Oct 18, 2019Center for Produce Safety funds UGA food science produce safety research
Three University of Georgia food scientists are among the recipients of grants awarded by the Center for Produce Safety (CPS) as part of its $2.7 million program. The grants will fund projects focused on food safety issues related to fruits and vegetables.
“Right now, you hear a lot about Cyclospora causing issues with fresh produce, or about how transference of pathogens in water is initiating problems in general in our industry,” said Dave Corsi, chair of the CPS board of directors and vice president of produce and floral at Wegmans Food Markets, Rochester, New York. “If you take a step back and look at the Center for Produce Safety’s latest grant recipients, their project topics address the most pressing, relevant produce food safety issues.”
Xiangyu Deng, an associate professor in the UGA Center for Food Safety on the Griffin campus, will receive $186,733 to continue his research into foodborne pathogens, specifically Listeria monocytogenes, and the tolerance it may develop to sanitizers used to destroy it in food processing facilities.
“Through this project, we want to help settle the debate on whether Listeria monocytogenes develops tolerance to common sanitizers,” said Deng, a faculty member in the College of Agricultural and Environmental Sciences (CAES). “We will further explore if such tolerance is relevant to sanitizing practices in the produce industry by studying its possibility, duration and genetic predictors.”
Ynés Ortega, also an associate professor at the UGA Center for Food Safety and CAES faculty member, will receive $231,861 to determine the prevalence and persistence of Cyclospora in California and Florida, the two major produce-growing states in the U.S.
An acclaimed parasitologist, Ortega’s goals are to determine the best method for environmental testing for the parasite, to identify where it is being distributed in the U.S., and to implement monitoring and intervention strategies in the U.S. and other countries where the parasite is prevalent.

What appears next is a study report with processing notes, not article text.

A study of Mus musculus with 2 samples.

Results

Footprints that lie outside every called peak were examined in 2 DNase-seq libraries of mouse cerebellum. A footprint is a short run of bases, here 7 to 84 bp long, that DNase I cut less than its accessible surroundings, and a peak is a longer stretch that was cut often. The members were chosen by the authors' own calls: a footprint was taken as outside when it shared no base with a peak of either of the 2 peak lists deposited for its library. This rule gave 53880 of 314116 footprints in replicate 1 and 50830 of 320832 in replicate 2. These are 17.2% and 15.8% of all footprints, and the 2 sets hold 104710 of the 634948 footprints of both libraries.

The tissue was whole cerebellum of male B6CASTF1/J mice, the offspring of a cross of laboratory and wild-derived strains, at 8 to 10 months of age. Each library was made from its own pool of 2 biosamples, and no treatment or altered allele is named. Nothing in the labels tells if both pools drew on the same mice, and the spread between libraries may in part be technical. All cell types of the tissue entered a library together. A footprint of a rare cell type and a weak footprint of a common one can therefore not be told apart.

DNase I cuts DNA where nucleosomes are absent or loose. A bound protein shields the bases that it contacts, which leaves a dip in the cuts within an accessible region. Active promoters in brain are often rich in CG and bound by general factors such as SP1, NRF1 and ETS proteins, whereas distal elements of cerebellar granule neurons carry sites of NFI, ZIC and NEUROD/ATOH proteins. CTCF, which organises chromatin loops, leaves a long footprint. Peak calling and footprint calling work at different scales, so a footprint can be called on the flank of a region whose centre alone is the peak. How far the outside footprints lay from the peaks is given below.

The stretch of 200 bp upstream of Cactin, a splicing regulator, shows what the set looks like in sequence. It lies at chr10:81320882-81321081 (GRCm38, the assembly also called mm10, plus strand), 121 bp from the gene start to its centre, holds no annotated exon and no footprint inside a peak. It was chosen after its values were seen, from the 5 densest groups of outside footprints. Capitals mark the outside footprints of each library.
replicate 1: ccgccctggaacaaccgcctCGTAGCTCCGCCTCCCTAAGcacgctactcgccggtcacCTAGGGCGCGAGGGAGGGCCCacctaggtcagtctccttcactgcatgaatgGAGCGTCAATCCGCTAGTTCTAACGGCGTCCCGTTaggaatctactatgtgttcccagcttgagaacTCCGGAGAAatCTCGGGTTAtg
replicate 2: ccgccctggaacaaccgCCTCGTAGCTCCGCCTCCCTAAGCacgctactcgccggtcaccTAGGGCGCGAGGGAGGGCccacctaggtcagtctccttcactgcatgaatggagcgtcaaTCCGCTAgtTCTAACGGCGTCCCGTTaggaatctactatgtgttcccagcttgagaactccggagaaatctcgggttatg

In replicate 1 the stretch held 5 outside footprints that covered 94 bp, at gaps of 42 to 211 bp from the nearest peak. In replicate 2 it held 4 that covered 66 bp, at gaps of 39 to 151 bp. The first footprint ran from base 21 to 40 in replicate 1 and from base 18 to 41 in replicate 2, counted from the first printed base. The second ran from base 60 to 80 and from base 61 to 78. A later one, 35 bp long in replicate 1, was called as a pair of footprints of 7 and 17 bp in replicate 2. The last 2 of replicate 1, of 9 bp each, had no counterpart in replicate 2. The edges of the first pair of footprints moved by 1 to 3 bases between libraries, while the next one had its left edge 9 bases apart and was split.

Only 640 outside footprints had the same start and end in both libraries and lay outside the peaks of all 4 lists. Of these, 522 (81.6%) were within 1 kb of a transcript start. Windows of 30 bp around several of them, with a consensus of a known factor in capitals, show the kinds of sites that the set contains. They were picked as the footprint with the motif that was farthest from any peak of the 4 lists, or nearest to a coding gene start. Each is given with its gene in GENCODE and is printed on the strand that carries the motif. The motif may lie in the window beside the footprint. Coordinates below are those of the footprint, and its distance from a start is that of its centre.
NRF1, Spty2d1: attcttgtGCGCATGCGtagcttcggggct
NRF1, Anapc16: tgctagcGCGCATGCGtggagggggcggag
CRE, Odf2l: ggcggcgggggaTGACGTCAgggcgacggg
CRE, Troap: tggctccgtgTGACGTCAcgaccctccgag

“We propose to test river and canal water … and examine the prevalence of Cyclospora in fresh produce,” Ortega said. “The significance of this project is that we will be able to determine if Cyclospora oocysts are present in surface waters in two states where agriculture is intensive and we will be able to recommend a suitable method to test for Cyclospora in agricultural settings.”
Cyclosporiasis, an intestinal illness, is caused by consuming food or water contaminated with the parasite. Historically, Cyclospora outbreaks have been associated with the ingestion of imported fresh produce, but the number of cases linked to produce grown in the U.S. is on the rise, Ortega said.
Laurel Dunn, assistant professor of food science and technology at CAES, will examine the environmental microbial risks associated with vented produce in distribution centers. She will receive $317,563 to evaluate pathogen prevalence in facilities that handle unsealed produce and industry practices that might contribute to increased or decreased food safety risks.
Produce is typically packed in vented bags, plastic tins or boxes that are vented to accommodate the gas and vapor exchange that occurs naturally after fruits and vegetables are harvested. Dunn will partner with more than 20 produce distribution centers with a goal of developing guidelines to reduce any potential hazards.
The Center for Produce Safety funds science aimed at finding solutions to food safety issues and fueling change in all parts of the supply chain. To learn more about the UGA Center for Food Safety, visit cfs.caes.uga.edu.